July 21, 2007
Rooftop gardens. This idea, as old as Nebuchadnezzar’s Hanging Gardens, one of the Seven Wonders of the Ancient World, has been pursued throughout history and continues to inspire. Countless organizations raise vegetation to new heights in big cities throughout the western world, for both food and flowers. The latest and most dazzling urban farm scheme yet comes from New York’s Columbia University.
Skyfarming, as dubbed in a feature in New York magazine and touted in the national and international media, is the brainchild of Dickson Despommier, a professor of environmental sciences and microbiology. In one manifestation, 30-story towers, topped by high-tech solar collectors that rotate with the sun, would yield a cornucopia of fruits, vegetables, grains, and animals, too, including chickens, pigs and fish. Just 150 of these futuristic greenhouse complexes, Despommier calculates, would suffice to feed all eight million New Yorkers, and with the freshest, wholesomest organic fare imaginable. Food aside, this complex would yield a surplus of fuel and of water for New Yorkers, and would even be economic (just), he notes, producing studies to prove it.
Maybe. I suspect we’ll never know skyfarming’s true financial viability because no down-to-earth businessman is likely to back a barely economic venture on business merits alone. If the business plan miscalculates by even a small amount, the business could go bankrupt. Despommier as much as admits this, openly hoping for a charitable foundation or an altruist like Ted Turner to get his urban farm off the ground.
But Despommier’s visionary scheme has great value nonetheless. Although his business plan’s risk/reward ratio may not pass muster, his basic premise – that cities have the technical wherewithal to meet their own food needs – is a matter of simple calculation and beyond dispute. Also beyond dispute is that cities can meet the food that others need: By building 300 skyfarms instead of 150, New York could feed itself and eight million others – say Montrealers, Torontonians, and those living in their environs. Paris, after all, not only fed itself exquisitely in the 19th century and into the 20th, it exported its surplus to London and elsewhere.
That cities can support themselves and others too demonstrates the bankruptcy of faddish eco-concepts such as the ecological footprints that now mesmerize governments and corporations worldwide. These footprints spread the mistaken view that we are somehow running out of space on
Earth, or that Earth is somehow running out of resources. Based on such thinking, footprint gurus insist that we must consume less of just about everything, eschew technological advances, and return to low density subsistence lifestyles.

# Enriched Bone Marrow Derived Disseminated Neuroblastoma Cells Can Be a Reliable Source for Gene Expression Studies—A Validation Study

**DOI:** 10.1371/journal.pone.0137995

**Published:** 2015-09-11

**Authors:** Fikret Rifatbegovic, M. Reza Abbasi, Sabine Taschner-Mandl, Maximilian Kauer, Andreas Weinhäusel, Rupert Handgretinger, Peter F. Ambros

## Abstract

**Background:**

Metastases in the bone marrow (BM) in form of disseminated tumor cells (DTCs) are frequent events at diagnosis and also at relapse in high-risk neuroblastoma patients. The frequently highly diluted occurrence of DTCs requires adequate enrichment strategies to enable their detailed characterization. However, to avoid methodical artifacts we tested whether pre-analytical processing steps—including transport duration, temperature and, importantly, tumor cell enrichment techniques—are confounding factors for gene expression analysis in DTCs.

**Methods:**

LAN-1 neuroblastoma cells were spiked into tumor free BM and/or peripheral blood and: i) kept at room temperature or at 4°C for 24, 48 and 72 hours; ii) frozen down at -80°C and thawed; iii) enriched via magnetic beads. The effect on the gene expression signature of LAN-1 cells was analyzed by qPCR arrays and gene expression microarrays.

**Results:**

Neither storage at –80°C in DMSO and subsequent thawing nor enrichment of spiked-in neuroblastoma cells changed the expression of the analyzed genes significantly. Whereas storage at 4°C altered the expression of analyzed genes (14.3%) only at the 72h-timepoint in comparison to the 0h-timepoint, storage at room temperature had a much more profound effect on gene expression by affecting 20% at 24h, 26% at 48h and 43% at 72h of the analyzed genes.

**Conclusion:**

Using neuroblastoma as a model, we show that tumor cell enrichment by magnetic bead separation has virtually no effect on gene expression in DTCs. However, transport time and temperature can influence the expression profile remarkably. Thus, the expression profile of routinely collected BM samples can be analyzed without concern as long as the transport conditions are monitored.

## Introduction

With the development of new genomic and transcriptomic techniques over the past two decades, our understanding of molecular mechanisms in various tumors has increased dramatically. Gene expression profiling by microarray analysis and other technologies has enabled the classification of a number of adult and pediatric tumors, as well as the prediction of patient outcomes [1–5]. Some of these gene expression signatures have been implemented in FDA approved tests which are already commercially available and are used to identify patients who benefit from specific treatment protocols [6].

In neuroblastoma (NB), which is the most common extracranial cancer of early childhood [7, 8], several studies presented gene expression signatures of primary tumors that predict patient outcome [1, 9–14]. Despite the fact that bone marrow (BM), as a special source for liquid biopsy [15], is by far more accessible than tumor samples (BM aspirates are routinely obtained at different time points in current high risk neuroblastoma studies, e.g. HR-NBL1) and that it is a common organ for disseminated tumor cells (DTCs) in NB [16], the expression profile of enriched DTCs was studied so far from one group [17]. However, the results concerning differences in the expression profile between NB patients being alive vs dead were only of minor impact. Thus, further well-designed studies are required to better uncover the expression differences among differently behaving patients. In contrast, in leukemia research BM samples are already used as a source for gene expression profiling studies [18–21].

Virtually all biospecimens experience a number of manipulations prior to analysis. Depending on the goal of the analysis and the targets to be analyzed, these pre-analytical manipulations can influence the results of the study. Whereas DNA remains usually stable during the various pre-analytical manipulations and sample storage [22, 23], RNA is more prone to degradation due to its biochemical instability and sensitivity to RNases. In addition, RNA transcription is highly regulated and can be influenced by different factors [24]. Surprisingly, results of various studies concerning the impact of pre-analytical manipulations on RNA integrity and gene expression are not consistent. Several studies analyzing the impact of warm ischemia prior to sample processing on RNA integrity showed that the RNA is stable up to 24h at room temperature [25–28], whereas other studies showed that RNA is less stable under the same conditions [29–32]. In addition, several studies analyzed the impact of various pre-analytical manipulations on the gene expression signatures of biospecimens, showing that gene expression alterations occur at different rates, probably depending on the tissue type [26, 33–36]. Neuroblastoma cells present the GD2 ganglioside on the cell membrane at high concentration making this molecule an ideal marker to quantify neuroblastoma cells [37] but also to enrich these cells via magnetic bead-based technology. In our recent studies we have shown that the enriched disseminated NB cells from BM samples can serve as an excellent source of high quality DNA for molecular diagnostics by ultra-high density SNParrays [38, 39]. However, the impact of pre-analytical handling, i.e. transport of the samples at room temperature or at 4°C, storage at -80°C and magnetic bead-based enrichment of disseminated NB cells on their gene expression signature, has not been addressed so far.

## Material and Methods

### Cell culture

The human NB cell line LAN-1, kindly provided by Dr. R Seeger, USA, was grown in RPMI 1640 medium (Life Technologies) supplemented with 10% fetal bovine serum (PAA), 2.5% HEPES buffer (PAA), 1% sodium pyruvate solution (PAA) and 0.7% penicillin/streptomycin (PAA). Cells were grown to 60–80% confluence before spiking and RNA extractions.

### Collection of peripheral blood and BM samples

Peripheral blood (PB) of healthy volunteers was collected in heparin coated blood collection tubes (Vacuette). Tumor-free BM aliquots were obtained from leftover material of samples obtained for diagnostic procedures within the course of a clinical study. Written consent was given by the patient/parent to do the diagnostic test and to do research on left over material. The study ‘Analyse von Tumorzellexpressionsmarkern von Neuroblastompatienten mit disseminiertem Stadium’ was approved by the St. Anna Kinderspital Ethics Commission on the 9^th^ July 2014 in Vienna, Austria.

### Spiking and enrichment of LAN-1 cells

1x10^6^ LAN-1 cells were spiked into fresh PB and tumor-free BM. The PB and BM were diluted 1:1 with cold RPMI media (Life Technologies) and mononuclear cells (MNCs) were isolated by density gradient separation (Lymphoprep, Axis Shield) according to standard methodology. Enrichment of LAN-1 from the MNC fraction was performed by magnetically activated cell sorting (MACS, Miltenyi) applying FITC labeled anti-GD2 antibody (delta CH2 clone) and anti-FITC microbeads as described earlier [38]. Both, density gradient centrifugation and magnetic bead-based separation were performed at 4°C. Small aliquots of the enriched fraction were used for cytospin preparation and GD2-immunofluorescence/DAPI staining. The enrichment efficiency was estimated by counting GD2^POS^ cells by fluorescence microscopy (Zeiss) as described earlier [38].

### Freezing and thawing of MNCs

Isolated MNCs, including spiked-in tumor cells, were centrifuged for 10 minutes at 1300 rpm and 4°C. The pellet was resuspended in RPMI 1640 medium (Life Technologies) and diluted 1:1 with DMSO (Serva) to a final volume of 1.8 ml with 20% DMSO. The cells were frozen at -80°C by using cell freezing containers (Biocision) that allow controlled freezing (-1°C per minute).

Despommier’s high-tech environmentalism demonstrates that the footprint of urbanites is irrelevant – he calculates that city dwellers need rely on no net external inputs for their sustenance, thanks to the use of renewable energy, recycled materials, and recycled waste water. When the agriculture occurs high off the ground, other economies kick in: The absence of ground-level pests eliminates wastage and the costs associated with applying pesticides. Locating farms close to markets also minimize transportation and storage costs. Similar calculations would show that city dwellers need rely on no net external inputs for other needs, too. Despommier’s High-Tech Utopia trumps the Footprint Dystopia.
Between the extreme visions, however, lies an historical truth: Conventional urban farming is inherently profitable, and, unlike Despommier’s plan, would have no end of financial backers. Or practitioners. Thousands of agricultural startups would materialize but for one impediment. Urban farming is against the law. City governments, striving to be modern, over the course of the last century placed one restriction after another on farming and finally, when farming continued to persist, city governments banned farming altogether, typically permitting the growing of produce only for one’s own use. Toronto does have one farm – complete with pigs, sheep and goats – close to downtown within a middle-class residential district. The 7.5-acre Riverside Farm is exempt from the ban – it is run by the city’s parks department as a relic of days gone by.
If urban farmers could again operate freely, cities at low cost would be producing much of the fresh produce that urban customers relish. Tenant farmers would contract for unused backyards and roofs, and contract with specialty restaurants seeking custom crops. Farmer’s markets would shoot up in supermarket parking lots. A century ago, the roof of New York’s Ansonia, a luxurious Upper West Side apartment hotel, housed a small animal farm, daily delivering to building residents fresh eggs via the bell hop. We don’t see fresh rooftop produce today for only one reason: The farm has been overgrown by the state.
Lawrence Solomon is executive director of Urban Renaissance Institute and Consumer Policy Institute, divisions of Energy Probe Research Foundation.